Could This Little Piggie Trend Be Headed to Orlando?

Written By Scott Joseph On March 9, 2010

The Rage in Chicago is to Eat the Whole Hog



Hog Heaven – The bar at Chicago’s Purple Pig

In Chicago right now, it’s all about the pig. Or I should say it’s about all the pig. The current rage in the Windy City is restaurants that serve everything pork from snout to tail. One of the newest is The Purple Pig, whose motto is “Cheese, Swine and Wine.” Seriously, what else do you need to be happy?

I was very happy after I left The Purple Pig, a two-month-old boite on Chicago’s Miracle Mile (actually, it’s set back just a bit from Michigan Avenue, but that’s its official address). In an area of the city that is starved for good restaurants, TPP was packed on the Friday afternoon I visited. But I’m certain its popularity isn’t solely due to the dearth of dining (really, how often can you do Billy Goat Tavern?). It’s packing them in on the merits of its fine food and terrific service.

I’ve been feeding pig ears to my dogs for years, so I was taken aback a bit to see pig ears on the menu. Now I understand why my dogs devoured them so voraciously. These pig ears were not the freeze-dried variety sold in pet stores. They were julienned and fried with a bit of spinach, and served in a small dish with a fried egg on top. The server admonished us to just mix everything together. What wonderful flavors. The meat was firm but not chewy, and the richness of the egg yolk coated the mouth.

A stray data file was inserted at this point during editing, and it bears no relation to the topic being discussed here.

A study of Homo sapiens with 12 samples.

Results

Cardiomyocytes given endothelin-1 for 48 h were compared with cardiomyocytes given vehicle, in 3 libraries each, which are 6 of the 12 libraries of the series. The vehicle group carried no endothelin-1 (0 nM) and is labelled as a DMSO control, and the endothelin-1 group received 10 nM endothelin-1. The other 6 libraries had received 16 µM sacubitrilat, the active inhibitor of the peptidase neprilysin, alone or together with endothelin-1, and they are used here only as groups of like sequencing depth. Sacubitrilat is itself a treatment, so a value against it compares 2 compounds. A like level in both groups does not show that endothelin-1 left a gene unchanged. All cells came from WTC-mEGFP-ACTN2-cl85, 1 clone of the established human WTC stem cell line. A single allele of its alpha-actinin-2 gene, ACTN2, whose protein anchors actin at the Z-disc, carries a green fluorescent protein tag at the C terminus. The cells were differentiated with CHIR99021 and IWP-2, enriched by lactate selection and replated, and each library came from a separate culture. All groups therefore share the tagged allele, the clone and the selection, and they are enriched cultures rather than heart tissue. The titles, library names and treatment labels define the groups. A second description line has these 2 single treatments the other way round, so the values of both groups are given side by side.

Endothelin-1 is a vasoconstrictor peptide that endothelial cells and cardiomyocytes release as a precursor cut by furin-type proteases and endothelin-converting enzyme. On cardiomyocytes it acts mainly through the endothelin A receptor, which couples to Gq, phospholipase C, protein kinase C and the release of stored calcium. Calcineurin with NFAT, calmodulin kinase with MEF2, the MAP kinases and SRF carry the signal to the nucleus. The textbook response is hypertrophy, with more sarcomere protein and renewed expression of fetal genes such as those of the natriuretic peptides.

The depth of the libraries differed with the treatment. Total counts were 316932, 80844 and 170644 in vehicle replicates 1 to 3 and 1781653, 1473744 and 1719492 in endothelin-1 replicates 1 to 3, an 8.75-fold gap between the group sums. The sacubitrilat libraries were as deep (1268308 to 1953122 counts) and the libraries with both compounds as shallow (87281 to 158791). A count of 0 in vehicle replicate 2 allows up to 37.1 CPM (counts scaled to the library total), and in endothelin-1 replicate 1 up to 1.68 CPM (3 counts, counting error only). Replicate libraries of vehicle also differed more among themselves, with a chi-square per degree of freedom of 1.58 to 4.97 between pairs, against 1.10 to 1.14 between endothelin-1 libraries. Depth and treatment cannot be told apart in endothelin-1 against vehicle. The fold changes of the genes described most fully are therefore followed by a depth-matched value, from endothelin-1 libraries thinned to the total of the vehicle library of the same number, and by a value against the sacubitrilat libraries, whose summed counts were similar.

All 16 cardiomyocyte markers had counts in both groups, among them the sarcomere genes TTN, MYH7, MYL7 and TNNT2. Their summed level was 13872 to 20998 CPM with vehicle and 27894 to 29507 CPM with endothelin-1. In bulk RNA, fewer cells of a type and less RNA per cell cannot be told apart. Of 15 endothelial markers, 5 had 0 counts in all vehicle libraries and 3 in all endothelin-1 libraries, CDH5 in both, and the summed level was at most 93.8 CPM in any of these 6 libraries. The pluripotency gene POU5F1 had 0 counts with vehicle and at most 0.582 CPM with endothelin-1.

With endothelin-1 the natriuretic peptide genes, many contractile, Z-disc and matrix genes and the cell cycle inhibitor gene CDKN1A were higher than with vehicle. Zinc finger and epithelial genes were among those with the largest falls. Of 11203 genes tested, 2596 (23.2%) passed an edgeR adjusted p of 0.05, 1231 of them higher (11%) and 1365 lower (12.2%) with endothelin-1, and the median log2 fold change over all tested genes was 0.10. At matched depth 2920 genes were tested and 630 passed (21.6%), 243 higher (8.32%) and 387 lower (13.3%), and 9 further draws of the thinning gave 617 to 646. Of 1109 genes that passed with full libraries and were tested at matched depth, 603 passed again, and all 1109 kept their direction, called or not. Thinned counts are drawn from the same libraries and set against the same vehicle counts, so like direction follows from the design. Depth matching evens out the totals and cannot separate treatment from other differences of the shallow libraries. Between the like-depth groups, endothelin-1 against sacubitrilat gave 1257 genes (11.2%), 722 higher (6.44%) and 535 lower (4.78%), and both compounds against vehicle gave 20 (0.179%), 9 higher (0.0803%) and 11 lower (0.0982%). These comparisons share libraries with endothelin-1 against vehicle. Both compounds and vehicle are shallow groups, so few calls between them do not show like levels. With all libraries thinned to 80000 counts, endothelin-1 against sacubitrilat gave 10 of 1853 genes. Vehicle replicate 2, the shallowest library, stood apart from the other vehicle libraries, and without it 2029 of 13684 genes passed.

I also had a ragout fashioned out of the meat found around the pig’s neck bones. Perhaps in a demonstration of the meat’s authenticity, the meaty sauce held a small piece of neck bone. The gravy also had creamy Calabro ricotta and was served with


Neckbone meat (and a bit of bone) made a rich gravy with ricotta cheese.

crusty rounds of well-buttered toast.

The toasted rounds also came in handy with the serving of marrow bones, roasted cross sections that held a pulpy substance that can best be described as meat-based butter. You scoop the pulp out, smear it on a piece of bread and sprinkle a bit of salt on top.

One of the marrow bones was a bit undercooked, and when I mentioned this to the server, who was also the bartender, he whisked the plate away and returned with another full serving of bones. (We were already stuffed, so we passed them down to our neighbors at the bar.)


Marrow bones on toast with a sprinkle of salt.

The wine list has dozens of worthy entries, and The Purple Pig (I’m guessing its the red wine that made it purple) has a neat wine policy. Many of the selection are available by the glass, a third-bottle, half-bottle of full bottle. That doesn’t mean those selections are packaged that way. If you order a half-bottle, the bartender simply pours that much into a carafe. It’s a great way to enjoy more wine without having to buy a whole bottle.

The Pig occupies a fairly small space. The L-shaped room is packed mainly with communal tables (which are everywhere in Chicago, even in the fanciest restaurants) and a comfortable bar. The light fixtures over the tables have the menus clipped to them, so they’re always handy. The room just buzzes with people who are happy to be there. And why shouldn’t they be?

The Purple Pig is at 500 N. Michigan Ave., Chicago. It’s open for lunch and dinner daily. The phone number is 312-464-1744. Here’s a link the Purple Pig’s Web site.